Remember when the US employed “shawk and awe” to start the war against Iraq?  Do the same type tactics work in non-compete cases? One issue that typically arises in non-compete enforcement actions is who to sue.  Of course the lawsuit will name the former employee who is violating their post-employment covenant but what about the new employer?

There are a couple of things to consider here.  First, the objective of the litigation.  In some cases that may be for the former employee to quit working for the new employer.  That is not always the case.  Sometimes the objective may be to keep the former employee from contacting certain customers etc.  How much the employer wants to “ratchet up” the litigation may be based on this.

What are the pros and cons of filing suit against the employer:

  1. Attorneys’ fees – Sometime the employer may agree to pay the employee’s legal fees – sometimes not.  When a former employer sues both, it is much more likely the new employer will simply have its attorney represent the new employee as well.  Make no mistake about it legal fees can drive a resolution.  An employee who is on his/her own paying for their own fees may be far more likely to resolve a case as opposed to the employee who has the financial backing of their new employer.
  2. Driving the Wedge – Believe it or not some employees don’t tell their new boss about the non-compete they signed.  Sometime the threat of a lawsuit against the new employer may lead to resolution.  Let me give you an example – A few years ago we took presuit depositions (didn’t file a lawsuit but went through the procedures where we could depose witnesses) of the former employee and new employer.  We sued the former employee and showed the evidence we had developed against the former employee to the new employer.  This included an email where he told the new employer that he intended to targer the former employer’s customers – that’s pretty good evidence!  The former employer folded and fired its new employee.  It did not want to get involved in a lawsuit.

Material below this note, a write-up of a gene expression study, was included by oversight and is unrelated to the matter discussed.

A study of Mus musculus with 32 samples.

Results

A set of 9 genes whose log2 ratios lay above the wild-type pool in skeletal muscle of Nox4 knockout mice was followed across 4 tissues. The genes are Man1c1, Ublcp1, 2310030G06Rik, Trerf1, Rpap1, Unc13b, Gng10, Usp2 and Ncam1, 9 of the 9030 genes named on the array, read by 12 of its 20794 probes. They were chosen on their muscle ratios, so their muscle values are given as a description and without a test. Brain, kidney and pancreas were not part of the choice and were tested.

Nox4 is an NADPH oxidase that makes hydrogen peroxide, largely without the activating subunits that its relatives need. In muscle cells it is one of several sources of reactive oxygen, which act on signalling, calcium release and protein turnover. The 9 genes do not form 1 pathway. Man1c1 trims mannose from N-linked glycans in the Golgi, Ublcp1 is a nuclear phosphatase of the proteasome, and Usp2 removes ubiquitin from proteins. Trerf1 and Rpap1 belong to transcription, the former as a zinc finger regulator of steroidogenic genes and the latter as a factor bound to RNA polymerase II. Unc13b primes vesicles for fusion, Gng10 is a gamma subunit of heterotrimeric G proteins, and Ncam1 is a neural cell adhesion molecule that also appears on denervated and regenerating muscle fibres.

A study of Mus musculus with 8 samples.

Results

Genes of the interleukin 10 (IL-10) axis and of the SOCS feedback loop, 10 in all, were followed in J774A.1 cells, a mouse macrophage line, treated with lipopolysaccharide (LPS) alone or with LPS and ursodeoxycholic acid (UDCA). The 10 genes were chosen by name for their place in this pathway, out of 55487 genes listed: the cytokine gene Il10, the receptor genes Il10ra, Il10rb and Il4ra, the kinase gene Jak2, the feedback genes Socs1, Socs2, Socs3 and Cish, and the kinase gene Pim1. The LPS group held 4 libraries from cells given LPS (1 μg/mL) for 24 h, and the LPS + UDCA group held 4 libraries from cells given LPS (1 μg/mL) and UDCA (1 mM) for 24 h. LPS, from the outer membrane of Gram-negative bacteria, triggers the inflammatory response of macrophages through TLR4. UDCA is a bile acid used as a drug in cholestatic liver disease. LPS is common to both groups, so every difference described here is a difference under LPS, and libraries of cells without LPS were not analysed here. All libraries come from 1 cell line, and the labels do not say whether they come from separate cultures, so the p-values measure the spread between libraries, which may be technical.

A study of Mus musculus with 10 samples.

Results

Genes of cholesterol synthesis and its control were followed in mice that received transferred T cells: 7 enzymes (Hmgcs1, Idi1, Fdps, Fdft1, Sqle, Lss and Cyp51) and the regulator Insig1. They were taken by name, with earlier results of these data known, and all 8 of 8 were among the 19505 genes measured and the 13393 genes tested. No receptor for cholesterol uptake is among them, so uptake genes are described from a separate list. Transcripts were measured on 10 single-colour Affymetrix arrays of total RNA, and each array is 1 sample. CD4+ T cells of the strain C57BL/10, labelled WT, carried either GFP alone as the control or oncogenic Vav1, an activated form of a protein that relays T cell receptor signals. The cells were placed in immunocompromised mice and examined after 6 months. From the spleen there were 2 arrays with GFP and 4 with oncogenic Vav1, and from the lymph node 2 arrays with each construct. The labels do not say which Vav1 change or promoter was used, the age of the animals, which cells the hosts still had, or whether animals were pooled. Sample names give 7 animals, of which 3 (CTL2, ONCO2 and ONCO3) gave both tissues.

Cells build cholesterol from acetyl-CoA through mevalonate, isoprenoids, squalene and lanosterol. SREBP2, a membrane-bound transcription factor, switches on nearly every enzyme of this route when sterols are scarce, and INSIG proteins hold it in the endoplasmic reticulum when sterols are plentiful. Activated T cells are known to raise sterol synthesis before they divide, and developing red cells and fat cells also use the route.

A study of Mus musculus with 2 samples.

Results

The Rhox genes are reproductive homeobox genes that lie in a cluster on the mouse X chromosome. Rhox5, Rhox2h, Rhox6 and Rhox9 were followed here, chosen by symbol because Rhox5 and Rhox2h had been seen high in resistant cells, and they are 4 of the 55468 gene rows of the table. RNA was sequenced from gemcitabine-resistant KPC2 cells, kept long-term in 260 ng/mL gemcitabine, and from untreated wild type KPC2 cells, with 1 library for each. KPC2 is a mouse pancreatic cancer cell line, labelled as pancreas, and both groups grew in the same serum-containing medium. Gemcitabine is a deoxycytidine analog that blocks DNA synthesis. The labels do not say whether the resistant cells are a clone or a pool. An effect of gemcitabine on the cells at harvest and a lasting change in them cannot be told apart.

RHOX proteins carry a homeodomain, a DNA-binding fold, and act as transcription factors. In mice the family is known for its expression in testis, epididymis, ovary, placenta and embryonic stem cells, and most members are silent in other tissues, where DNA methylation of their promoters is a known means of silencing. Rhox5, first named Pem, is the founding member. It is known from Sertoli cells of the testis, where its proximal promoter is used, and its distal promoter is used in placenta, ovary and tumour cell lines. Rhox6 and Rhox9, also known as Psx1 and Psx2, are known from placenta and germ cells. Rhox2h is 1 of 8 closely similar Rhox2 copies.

3.  Sometime the threat of a lawsuit is better leverage than the lawsuit.  Once the employer is sued that’s it, it has lost the option to let the new employee go.

These are just a few things to consider.  Many times a company looking to enforce a non-compete will opt for the “shawk and awe” approach – file a lawsuit seeking a termporary restraining order and get to the courthouse as quickly as possible.  This may be the right approach depending on the circumstances.  There is no one size fits all solution.  In some instances a pre-suit dialogue will make sense to see exactly what is in play.  In Dallas, a party seeking a TRO has to give the other side two hours notice. In most cases you have to talk to the other side.  I see this as an opportunity to begin setting the framework and expectations for resolutions of the dispute.